Homelessness: Dozens of Bedford's care and institution leavers not getting "best start at life"
"There is often a feeling from care leavers that they are being left to fend for themselves"
Homelessness shadowed the lives of dozens of people in Bedford who left care or institutions last year, figures reveal.
With thousands of vulnerable people in this situation across England, campaigners are calling for more investment in services to support the transition out of settings such as hospitals and prisons, or the care system.
Data released by the former Ministry for Housing, Communities and Local Government (MHCLG) shows in the year to March, Bedford council owed homelessness support to 24 households where the main applicant had left an institution with no settled accommodation to return to.
Of those, 22 had already become homeless, while two faced the prospect of not having a roof over their head.
They were among the 7,720 households across England who were pushed into homelessness or at risk of losing accommodation for this reason in 2020-21 – a 24 per cent rise from 2019-20.
Separate figures show 7,100 households in the country who needed help securing accommodation last year had the main applicant listed as a care leaver.
In Bedford, there were 26 households in this situation – four more than in 2019-20.
The figures relate to adults aged between 18 and 25, who spent time in the care system and were looked after for at least one day after their 16th birthday.
Those flagged as having left care may also have been listed as an institution leaver, depending on the care setting they were in.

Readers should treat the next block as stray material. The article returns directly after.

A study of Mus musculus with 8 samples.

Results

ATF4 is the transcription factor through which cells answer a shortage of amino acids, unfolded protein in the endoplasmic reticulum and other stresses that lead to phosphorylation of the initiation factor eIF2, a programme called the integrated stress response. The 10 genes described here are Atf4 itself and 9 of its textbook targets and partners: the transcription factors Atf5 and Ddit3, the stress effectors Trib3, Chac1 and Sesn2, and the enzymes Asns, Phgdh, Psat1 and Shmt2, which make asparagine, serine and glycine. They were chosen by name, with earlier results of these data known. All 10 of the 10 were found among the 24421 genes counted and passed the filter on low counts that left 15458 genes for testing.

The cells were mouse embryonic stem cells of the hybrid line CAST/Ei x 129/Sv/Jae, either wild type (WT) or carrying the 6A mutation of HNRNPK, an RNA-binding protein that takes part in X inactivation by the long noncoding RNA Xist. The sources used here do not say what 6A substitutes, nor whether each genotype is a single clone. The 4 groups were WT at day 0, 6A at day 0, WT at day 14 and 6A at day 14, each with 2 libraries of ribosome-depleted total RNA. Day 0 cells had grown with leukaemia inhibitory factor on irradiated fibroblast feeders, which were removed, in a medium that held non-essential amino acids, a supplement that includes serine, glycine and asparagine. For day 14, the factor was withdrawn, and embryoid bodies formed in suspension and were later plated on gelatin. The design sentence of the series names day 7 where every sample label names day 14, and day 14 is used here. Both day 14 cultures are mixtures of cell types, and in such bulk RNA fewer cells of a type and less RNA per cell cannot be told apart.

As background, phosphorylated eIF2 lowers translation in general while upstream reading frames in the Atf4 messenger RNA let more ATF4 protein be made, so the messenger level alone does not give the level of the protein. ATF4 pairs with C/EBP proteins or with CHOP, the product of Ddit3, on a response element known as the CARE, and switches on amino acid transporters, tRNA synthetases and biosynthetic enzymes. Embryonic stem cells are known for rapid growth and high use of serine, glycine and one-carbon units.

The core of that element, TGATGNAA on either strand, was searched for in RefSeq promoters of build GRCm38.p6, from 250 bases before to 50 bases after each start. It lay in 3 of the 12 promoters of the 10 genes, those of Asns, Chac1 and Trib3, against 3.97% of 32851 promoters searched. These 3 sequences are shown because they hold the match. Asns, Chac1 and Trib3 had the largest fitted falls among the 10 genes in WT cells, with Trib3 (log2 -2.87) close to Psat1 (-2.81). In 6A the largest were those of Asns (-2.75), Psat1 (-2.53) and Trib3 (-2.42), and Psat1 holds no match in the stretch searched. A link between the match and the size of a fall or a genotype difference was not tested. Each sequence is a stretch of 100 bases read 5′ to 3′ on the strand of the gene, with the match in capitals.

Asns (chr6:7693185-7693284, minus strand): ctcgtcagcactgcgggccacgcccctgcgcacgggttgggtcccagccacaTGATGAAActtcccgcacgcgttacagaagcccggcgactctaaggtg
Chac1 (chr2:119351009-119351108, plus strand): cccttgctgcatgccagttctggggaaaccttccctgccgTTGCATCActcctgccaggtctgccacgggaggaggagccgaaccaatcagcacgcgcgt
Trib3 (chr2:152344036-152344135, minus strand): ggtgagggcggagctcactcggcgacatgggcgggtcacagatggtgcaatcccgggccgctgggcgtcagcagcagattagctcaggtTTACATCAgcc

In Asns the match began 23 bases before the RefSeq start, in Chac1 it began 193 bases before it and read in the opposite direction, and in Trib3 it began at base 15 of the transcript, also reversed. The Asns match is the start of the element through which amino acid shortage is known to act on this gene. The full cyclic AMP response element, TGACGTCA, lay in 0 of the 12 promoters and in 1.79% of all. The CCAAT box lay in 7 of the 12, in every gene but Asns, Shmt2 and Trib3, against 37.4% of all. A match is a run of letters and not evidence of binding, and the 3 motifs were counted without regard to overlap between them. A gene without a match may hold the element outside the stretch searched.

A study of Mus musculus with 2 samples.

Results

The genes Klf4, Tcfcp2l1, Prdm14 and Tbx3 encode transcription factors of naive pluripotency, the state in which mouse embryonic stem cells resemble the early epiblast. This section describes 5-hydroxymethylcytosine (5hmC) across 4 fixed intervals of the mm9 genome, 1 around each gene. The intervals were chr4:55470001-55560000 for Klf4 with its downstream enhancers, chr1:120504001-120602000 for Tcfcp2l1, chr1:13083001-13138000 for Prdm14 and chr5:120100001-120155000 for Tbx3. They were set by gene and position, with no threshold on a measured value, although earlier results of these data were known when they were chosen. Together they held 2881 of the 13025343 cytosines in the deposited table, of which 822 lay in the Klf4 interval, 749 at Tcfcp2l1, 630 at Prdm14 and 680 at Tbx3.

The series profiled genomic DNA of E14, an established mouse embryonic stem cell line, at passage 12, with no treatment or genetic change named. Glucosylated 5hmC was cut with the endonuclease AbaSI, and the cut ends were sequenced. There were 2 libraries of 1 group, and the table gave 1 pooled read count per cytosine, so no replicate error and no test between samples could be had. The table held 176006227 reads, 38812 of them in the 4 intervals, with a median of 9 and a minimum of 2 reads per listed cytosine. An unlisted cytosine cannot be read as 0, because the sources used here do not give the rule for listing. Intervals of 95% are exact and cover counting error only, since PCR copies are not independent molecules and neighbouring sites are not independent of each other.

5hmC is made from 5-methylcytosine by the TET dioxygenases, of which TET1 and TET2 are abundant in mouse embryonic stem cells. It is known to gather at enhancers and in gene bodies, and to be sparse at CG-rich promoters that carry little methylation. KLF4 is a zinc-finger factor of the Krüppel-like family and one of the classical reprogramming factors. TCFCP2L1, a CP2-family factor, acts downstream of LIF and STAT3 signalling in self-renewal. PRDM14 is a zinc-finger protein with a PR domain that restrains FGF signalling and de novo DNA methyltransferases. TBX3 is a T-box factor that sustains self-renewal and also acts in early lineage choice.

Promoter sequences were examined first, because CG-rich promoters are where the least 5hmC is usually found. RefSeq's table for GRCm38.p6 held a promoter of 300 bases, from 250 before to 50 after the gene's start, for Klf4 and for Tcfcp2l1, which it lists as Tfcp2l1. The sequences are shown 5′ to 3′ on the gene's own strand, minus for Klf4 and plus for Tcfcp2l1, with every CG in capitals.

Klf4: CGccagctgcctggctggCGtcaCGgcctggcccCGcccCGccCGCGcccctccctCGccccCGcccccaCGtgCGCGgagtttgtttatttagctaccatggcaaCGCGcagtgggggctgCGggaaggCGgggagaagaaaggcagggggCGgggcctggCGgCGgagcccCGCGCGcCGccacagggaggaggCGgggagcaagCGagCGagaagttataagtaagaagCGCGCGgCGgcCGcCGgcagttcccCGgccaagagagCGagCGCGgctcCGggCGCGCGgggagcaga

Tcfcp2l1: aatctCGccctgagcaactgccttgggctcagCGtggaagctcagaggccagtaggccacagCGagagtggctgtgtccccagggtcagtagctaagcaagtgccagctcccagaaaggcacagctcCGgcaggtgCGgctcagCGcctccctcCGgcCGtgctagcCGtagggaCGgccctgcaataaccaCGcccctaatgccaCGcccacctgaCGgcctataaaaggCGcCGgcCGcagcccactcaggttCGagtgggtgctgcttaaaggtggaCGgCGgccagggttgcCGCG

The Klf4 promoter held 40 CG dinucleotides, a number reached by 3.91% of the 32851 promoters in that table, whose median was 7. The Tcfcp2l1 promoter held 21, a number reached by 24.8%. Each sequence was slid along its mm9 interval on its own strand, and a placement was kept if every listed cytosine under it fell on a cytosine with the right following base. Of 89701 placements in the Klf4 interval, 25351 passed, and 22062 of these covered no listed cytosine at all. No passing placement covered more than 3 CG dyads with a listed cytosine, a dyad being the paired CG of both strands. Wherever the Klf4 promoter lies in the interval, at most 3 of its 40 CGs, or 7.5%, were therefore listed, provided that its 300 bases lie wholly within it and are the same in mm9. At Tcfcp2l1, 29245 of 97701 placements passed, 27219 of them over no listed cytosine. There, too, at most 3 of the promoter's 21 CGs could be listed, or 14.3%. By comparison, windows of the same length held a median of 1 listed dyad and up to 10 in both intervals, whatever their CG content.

The Care Leavers' Association estimates around one in 10 care leavers struggle to secure housing, with the remainder often living in unsuitable homes.
Director David Graham said: “If your head is still messed up about why you had to go into care, then you are less likely to be able to keep and manage your own accommodation and life.”
He added care leavers should be given priority access to housing.
"Care leavers have to leave home and live independently at a much earlier age than young people in the general population.
"There is often a feeling from care leavers that they are being left to fend for themselves. They don't have a base to call home and can't then work at improving other areas of life such as education and health,” he said.
The Government said areas with higher numbers of care leavers at risk of homelessness had been receiving a share of £8.2 million to improve accommodation outcomes since 2018-19.
Homelessness charity Crisis said there was no excuse for anyone to leave care or another institution with nowhere to go.
Jon Sparkes, chief executive, said: “If we are to give people the best chance at a life, then we really need to see all services working together to put plans in place to help people move on.”
In response to the coronavirus pandemic, extra Government funding was allocated to take 37,000 rough sleepers off the streets, while funding is also being given to councils to prevent homelessness.
A spokeswoman for the new Levelling Up, Housing and Communities – which has replaced the MHCLG – said more people were being referred to homelessness prevention services.
She added: “Tackling rough sleeping and homelessness remains an absolute priority for the Government and we are spending an unprecedented £750 million this year, including funding for drug and alcohol treatment and mental health support.”